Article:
My project is informed by an examination of cultural mainstream discourse surrounding and connecting animal rights and veganism, with specific attention to the construction of the physical vegan body as a contested cite manifest in contemporary works of literature, popular cultural representations, advertizing, and news media. Karen and Michael Iacobbo, in their study Vegetarians and Vegans in America Today, note that “lingering stereotypes and dubious ‘facts’ plague the depiction of the lives and habits of . . . vegans” (58), and in a July 4, 2010 Chronicle of Higher Education article, “Vegans and the Quest for Purity,” none other than Harold Fromm, the co-editor of The Ecocriticism Reader: Landmarks in Literary Ecology (U of Georgia P, 1996), had this to say about vegans:
The grandstanding of vegans for carefully selected life forms, to serve their own sensitivities—through their meat- and dairy-free diets, their avoidance of leather and other animal products—doesn’t produce much besides a sense of their own virtue. As they make their footprint smaller and smaller, will they soon be walking on their toes like ballet dancers? And if so, what is the step after that? Pure spirit (a euphemism for bodily death)? If our existence is the problem—which it is—then only nonexistence can cure it. The supreme biocentric act is not to discover yet one more animal product to abstain from. The supreme biocentric act is dying, returning the finite matter and energy you have appropriated for yourself and giving them back to the creatures you stole them from. And what makes them so pure? Are they shedding tears as they tear you and each other apart? The real “crime” is existence, not being or using animals.
Fromm’s comments here and elsewhere throughout his essay point to varying conceptions of vegan identity as contradictory, elitist, ill-informed, and anti-social, but underlying these assertions is the very prevalent mainstream belief – even held by environmental advocates and ecocritics – that there should be a limit to an animal rights agenda that may approach, but not fully encompass, a vegan ideology. Furthermore, the acceptance of Fromm’s essay by The Chronicle points to the ire that conceptions of veganism inspire – even in academic circles – but, perhaps more importantly, such acceptance points to the ways that veganism, as a sub-cultural movement, has entered the mainstream discursive fray and the ways that vegan identity has become a loaded idiom in mainstream culture.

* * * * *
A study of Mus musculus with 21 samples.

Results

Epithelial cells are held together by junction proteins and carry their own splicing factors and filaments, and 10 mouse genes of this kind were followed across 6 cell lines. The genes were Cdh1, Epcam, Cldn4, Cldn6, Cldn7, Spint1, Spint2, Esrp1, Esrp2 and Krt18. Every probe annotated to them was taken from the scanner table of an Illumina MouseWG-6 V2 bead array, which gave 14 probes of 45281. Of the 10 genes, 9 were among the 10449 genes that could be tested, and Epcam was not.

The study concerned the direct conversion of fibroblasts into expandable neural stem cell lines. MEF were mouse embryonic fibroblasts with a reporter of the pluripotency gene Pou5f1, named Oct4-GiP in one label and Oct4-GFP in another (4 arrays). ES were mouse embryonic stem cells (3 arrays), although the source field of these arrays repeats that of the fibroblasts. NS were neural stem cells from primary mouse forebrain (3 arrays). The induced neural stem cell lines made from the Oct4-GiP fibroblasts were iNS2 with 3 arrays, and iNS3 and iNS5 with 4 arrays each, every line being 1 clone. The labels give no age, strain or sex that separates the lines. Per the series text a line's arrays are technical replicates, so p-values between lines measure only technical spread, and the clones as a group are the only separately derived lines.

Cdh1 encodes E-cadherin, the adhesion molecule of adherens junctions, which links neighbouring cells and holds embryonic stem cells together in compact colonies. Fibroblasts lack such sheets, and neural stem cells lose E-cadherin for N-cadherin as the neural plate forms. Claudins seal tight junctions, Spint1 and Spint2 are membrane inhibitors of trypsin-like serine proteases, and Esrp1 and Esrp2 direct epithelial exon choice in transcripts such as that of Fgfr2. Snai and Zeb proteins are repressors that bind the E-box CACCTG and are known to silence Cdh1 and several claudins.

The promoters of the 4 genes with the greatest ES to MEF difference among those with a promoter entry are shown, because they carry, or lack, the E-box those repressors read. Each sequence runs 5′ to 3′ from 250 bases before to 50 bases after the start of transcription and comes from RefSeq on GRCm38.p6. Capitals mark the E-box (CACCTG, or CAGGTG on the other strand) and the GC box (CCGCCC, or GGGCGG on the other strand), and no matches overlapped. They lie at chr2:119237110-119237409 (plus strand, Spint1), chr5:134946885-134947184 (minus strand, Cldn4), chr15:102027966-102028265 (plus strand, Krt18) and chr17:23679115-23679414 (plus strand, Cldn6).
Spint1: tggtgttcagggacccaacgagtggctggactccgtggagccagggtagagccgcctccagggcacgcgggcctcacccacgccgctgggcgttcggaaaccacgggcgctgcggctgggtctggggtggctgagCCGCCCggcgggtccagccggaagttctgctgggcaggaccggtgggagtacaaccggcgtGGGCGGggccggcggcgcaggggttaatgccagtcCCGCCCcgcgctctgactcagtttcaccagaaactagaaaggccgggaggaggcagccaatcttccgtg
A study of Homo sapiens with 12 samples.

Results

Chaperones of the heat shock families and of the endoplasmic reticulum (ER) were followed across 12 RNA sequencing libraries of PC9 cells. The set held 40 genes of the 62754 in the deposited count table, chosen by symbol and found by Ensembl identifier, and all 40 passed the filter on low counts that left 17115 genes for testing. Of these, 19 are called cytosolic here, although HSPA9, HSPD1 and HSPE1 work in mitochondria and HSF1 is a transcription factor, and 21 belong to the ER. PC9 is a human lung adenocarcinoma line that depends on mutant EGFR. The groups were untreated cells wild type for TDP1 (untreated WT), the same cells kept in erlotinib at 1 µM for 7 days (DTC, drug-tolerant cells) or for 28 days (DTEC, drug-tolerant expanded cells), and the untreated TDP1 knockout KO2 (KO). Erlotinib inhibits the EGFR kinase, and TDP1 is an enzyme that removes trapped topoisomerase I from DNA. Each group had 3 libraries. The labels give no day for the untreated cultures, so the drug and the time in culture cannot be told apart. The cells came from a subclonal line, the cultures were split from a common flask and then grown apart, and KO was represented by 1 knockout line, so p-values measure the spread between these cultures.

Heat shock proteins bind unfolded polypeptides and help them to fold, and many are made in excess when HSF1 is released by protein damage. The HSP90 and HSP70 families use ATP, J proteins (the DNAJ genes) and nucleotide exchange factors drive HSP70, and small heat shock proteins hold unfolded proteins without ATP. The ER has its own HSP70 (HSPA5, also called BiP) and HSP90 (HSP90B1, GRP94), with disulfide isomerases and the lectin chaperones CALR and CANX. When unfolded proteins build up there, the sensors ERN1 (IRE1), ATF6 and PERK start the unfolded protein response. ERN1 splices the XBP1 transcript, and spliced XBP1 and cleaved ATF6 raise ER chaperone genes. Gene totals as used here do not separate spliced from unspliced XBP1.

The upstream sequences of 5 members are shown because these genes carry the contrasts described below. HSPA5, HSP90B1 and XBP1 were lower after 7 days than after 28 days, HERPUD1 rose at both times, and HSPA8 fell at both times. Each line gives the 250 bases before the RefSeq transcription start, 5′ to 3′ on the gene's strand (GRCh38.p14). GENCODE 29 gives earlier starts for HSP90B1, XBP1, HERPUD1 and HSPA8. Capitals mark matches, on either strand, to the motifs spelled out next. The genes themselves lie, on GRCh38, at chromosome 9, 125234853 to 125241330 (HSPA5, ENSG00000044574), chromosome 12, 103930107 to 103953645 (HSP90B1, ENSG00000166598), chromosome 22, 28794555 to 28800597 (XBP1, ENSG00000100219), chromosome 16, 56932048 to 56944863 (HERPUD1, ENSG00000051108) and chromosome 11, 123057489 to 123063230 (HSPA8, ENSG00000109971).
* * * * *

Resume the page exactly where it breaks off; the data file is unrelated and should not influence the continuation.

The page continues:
My study examines not only the reasons for the often negative and inflamatory discourse surrounding vegan identity, but it also explores the sexualization and often-contradictory gender-specific rhetorical constructions of both vegan and animal bodies. For example, the feminist argument for veganism offered by such writers as Carol J. Adam’s (whose foundational text, The Sexual Politics of Meat, provides a sustained analysis of the connections between meat eating and patriarchy), has very different gender-specific valiances from model and plastic surgery devotee Pamela Anderson’s identification as vegan, as do multiple anti-vegetarian/vegan ad campaigns aimed at men, which associate meat eating with masculinity. The Hillshire Farms’ ads in which men cheer, “Go meat!”, for example, offer a starting point to examine mixed martial arts cage fighting champion Mac Danzig’s (or, for that matter, Mike Tyson’s) ultra masculine vegan (or “hegan”) identity, at once derided as effeminate or unbelievable – many cage fighting discussion boards host numerous postings from people who doubt Danzig could acquire his physique without meat – and alternately embraced by animal rights entities like People for the Ethical Treatment of Animals.
And there's more, of course. But that's enough for now. I'm looking for any and everything out there that depicts or discusses vegans, that portrays them, that stereotypes and/or vilifies, that praises and/or glorifies. Send me something, ok?